Wednesday, June 19, 2013

Not-One Is Also One III (Revisited)

Scott Bradley
Original publication date: May 10, 2010


Continuing with the discussion from Zhuangzi, Chapter 6...

What is Heaven? It is everything except Heaven if by Heaven we mean an Ultimate Source actively at work in this Universe. What Heaven does is nothing at all. And in doing nothing, all is accomplished.

We can best keep this in mind by dispensing with the term altogether, at least as much as the text itself will allow us to do so. How long would it otherwise be before we began to fill our minds with miracle-myths and fall to worshiping a Queen Mother of the West? Zhuangzi spoke in the language of his times and we would do best to translate him into the language of our own. Let us then call Heaven: Reality. What is Reality? That is, of course, the question the given statement intended us to propose and attempt to answer.

What is Reality? What is not? Is not everything that truly is, Reality? If it is, it is Reality. Is this one of those tautologies that we’ve heard about? Probably so. But there is an apparent crack in this perfect circle of meaning and that comes in the guise of Man. Is there something in Man that is not Reality? No. Whatever is true of Man is Reality just as whatever is true of the moon is Reality.

There is something in the Reality of Man, however, that opposes itself to Reality and Zhuangzi calls this the understanding consciousness or the deliberate mind. The human mind has seemingly risen out of the matrix of Reality and, standing apart from Nature, sees itself as other than Nature. Seeing itself as other than Nature does not, of course, make it so.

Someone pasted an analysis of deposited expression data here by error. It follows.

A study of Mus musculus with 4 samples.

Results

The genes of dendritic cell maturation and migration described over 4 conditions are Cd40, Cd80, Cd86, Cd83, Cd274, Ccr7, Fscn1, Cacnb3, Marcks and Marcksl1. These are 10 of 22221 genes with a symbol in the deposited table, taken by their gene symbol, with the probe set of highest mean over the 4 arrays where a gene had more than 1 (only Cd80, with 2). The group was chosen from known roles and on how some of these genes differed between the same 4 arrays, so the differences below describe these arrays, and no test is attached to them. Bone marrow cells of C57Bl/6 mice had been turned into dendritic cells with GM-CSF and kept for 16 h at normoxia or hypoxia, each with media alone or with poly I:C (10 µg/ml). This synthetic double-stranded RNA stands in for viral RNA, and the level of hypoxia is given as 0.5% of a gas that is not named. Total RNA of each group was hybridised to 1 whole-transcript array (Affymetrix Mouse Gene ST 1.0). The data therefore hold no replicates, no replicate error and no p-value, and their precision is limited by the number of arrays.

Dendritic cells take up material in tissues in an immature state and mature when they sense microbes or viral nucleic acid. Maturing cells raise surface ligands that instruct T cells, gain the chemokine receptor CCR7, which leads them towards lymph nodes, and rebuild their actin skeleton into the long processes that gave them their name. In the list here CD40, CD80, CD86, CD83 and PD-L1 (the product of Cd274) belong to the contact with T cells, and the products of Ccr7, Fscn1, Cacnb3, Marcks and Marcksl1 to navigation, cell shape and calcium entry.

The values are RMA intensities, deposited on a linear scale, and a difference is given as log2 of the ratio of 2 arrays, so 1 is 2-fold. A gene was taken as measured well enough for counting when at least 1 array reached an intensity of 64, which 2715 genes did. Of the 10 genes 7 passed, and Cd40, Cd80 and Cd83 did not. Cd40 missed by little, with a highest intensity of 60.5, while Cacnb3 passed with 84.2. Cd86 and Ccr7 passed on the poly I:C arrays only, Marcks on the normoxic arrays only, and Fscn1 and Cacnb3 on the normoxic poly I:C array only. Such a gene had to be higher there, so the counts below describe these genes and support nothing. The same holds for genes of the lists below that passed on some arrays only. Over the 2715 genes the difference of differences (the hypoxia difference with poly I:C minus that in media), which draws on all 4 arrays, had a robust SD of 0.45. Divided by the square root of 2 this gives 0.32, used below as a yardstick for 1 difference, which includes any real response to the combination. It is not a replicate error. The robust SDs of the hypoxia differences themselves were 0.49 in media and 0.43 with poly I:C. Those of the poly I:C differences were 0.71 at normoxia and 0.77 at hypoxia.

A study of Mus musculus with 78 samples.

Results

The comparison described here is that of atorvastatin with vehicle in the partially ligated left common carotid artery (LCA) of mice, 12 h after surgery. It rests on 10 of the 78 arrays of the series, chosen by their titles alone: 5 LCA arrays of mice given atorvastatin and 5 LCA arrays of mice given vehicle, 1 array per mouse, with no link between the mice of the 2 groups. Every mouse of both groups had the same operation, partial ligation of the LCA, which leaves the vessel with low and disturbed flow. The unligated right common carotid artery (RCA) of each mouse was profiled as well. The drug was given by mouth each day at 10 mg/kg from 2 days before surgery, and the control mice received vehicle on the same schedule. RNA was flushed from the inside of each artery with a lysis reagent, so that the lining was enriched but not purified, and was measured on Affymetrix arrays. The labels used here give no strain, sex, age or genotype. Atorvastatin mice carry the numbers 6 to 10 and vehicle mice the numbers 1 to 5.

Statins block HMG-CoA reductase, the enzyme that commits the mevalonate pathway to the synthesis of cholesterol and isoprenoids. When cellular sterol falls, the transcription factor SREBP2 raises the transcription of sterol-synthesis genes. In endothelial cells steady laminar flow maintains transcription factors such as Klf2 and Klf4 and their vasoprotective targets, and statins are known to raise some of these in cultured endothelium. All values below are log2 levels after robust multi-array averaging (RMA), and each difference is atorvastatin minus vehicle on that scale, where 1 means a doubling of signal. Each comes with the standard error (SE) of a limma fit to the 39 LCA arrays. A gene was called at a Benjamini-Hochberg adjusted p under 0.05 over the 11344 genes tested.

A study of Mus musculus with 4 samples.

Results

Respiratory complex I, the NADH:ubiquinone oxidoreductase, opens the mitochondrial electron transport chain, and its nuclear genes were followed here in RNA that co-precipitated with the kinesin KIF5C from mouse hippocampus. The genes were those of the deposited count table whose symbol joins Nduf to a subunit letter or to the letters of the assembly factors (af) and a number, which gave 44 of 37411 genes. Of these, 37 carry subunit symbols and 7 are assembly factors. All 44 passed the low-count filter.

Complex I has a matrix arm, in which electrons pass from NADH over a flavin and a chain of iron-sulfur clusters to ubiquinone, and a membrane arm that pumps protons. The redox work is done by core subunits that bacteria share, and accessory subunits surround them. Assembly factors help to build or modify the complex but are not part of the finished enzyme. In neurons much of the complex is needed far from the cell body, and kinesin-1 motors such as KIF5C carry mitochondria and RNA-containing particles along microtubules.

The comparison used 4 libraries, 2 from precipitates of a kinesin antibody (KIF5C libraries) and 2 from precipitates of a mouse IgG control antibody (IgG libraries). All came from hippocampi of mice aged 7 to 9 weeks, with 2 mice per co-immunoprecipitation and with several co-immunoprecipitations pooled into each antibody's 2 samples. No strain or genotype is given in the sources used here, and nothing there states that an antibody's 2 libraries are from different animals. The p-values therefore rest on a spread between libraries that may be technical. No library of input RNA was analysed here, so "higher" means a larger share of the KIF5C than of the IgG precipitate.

Humanity is able to exercise its will and transform Nature after its own chosen whims. It can study and ‘understand’ Nature. It is god-like in its relation to Reality. But alas, this is a “god that shits”, to quote Becker’s unsurpassed summation of the human predicament. This is a god-like transcendence which cannot escape (though it ever makes the attempt) the Reality that it must die. For this is what all this ‘shitting’ forever reminds us, that we are but animals after all, and like all animals our apparent extinction is assured. And this reality and the human hatred and fear of it is a big part of what man does.

Thus this opening statement introduces and assumes this fundamental divide between Reality and Humanity, though it need not be understood to see it as a final or true expression of Reality.

(To introduce an editorial note: By Man is meant Humanity and not mere gender, but though Man includes woman as well as man, the roots of its usage doubtless go deep into the historical soil of a belief in the superiority of the latter over the former. For this reason I will try to use Human and Humanity in the stead of Man as much as the text allows.)

What is Reality? Everything. But we shall see what dimensions of It that Zhuangzi offers as important vis-à-vis Humanity. For let us not miss the point that this is really all about Humanity. Nature knows nothing of all this analysis and distinction making. To study anything belongs to the realm of man. Nor does it care anything at all about meaning or purpose or dilemmas or our petty fears. Reality neither awaits nor considers our conclusions.

All these questions and difficulties abide solely in the domain of what man does. And perhaps this fact alone best identifies both the dualism inherent in the given statement and Zhuangzi’s answer to it, namely, that the dichotomy is a false one, one of humanities’ own making, and that the harmonization of the two is not only possible, but an unavoidable given.

You can check out Scott's writings on Zhuangzi here.